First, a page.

Thursday, June 25, 2009


Yesterday, on her blog Towards Sustainability, Julie wrote about irony. She said her grandmother (who lived on a farm) fried all her meat in lard, ate dozens of eggs per week, yet had super-low cholesterol levels. It irked her father to no end, since he did everything the media told him to do, such as switching from real eggs to fake ones in a carton, and from butter to margarine, but his cholesterol was through the roof. She also mentioned that French Paradox - the fact that they have always refused to have anything to do with products labeled low fat, lite, or diet, and insist on sticking to the old ways of cooking, using real cream, butter, and always choosing real and fresh over boxed, canned or frozen. So why is it that their rate of cardiovascular disease is so much lower than ours here in the U.S.?

According to authors Michael Pollen, Nina Planck, Tosca Reno, and Barbara Kingsolver, it boils down to those two words, real and fresh. Turns out Mother Nature was right all along, and perhaps the big food industry and pharmaceutical company propaganda that tried to convince us that fake was better, was just that - propaganda. When you think about it, you realize that their survival depends on our continuing to veg out in front of the TV with our bags of chips and cans of soda, getting less and less healthy, watching their adds for fake foods and magic pills that will cure everything that ails us. Because, well, what on earth would become of them if we all were to suddenly get up off the couch, switch off our TVs, and go out into our gardens instead? Disaster! Collapse!

Don't you know that they just hate this whole real foods/locavore movement? I bet they've got their spin doctors burning the midnight all right now, trying to come up with a campaign that will convince us all that eating real food is actually bad for us, and was probably the cause of this whole recession we are in, or some such thing. Reminds you of that movie Thanks For Smoking, eh?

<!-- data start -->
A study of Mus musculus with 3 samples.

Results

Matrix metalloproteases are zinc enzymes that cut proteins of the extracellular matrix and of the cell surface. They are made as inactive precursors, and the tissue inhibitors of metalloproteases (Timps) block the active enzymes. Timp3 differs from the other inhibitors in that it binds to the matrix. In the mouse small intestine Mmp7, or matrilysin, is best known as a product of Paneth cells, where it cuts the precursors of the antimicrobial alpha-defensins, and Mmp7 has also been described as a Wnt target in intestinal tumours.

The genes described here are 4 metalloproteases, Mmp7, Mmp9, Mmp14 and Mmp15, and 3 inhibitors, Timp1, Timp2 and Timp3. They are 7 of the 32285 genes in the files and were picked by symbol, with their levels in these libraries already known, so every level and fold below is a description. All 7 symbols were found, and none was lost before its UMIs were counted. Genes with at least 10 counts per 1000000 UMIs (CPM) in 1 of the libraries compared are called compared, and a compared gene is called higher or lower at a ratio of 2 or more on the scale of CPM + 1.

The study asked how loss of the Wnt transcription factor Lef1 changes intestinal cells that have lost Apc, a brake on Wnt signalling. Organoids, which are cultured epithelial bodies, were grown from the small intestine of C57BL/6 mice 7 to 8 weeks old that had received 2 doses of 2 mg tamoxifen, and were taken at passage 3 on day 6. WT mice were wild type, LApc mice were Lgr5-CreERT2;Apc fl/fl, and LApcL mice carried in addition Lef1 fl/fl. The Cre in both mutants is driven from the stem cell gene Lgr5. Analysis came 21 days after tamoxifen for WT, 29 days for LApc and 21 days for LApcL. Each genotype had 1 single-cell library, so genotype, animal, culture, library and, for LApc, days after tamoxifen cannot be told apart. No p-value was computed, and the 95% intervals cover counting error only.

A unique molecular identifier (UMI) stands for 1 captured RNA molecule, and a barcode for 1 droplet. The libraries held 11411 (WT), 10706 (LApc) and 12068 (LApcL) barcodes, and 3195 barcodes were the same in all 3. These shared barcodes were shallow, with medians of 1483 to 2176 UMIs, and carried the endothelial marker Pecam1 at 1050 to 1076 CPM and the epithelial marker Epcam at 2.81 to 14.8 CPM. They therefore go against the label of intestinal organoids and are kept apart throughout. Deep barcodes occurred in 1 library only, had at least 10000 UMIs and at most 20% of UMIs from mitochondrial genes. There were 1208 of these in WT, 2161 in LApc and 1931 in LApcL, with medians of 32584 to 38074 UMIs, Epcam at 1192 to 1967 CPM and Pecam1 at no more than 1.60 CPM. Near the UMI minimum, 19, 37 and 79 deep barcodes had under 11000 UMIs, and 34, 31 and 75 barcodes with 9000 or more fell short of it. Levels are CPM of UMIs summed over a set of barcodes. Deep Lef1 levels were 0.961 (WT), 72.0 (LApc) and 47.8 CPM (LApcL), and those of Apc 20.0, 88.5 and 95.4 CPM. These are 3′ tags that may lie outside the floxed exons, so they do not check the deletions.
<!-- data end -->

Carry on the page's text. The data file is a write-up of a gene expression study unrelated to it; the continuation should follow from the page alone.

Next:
P.S. Don't you dare use this as an excuse to start frying everything you eat in lard - you know that's not what I'm touting here!

P.P.S. Many thanks to and for the above images.


Christopher said...

I doubt they hate it. In fact, seems to me the spin doctors have already found a fantastic way to profit from it all.

They call it "organic." They call it "green."

Buzzwords meant to make you feel better about eating entire bags of processed food in one sitting. It's nothing more than an elaborate marketing ploy, which is a horrible disservice to otherwise noble ideas and concepts.

So long as people buy it -- and they do, hook, line, and sinker -- I doubt anyone's losing any sleep over it.

Teri in CO said...

=) BUT that is why I eat full fat greek yogurt instead of the fat free! And it tastes so much better!

musingegret said...

Check out the Austin Chronicle article on the movie "Food, Inc."

You'll **never** eat a fast food burger again. Does Wimberley have a weekend farmer's market on the square or out at the market-days-grounds? I'm so glad that the Saturday market at Sunset Valley just keeps growing in popularity.

I did a search on your blog for 'farmers market' and was reminded that TBS also carries farm-raised meat. Do y'all enjoy it?

Hill Country Hippie said...

Egret: Good article! Food Inc. is the movie that we premiered at our big TBS Taste of Spring event, but since I was at my son's graduation, I never got to see it. Yes, Wimberley has a smallish farmer's market every Wednesday afternoon, on the parking lot across from where Market Days is held. I also shop one in San Marcos, a couple of farm stands in Blanco, and Drippin' has just started their own FM. But nothing compares to Sunset and the Downtown Austin markets, so I have to go over there periodically, just to get my fix (and to scope out possible producers for TBS). We have poultry, pork and beef producers selling through TBS now, and it all yummy, but no bison, which is what I'd like to use more of because it's heart healthy. So I'm on the hunt for one!

Teri: I know, I LOVE Greek yogurt!

Chris: I agree, several of us who blog about these things have been discussing how having "organic" and "green" picked up by the big guys is going to make things go in reverse for the little ones it was meant to help, and for the causes of eating real and local, and building sustainable food systems.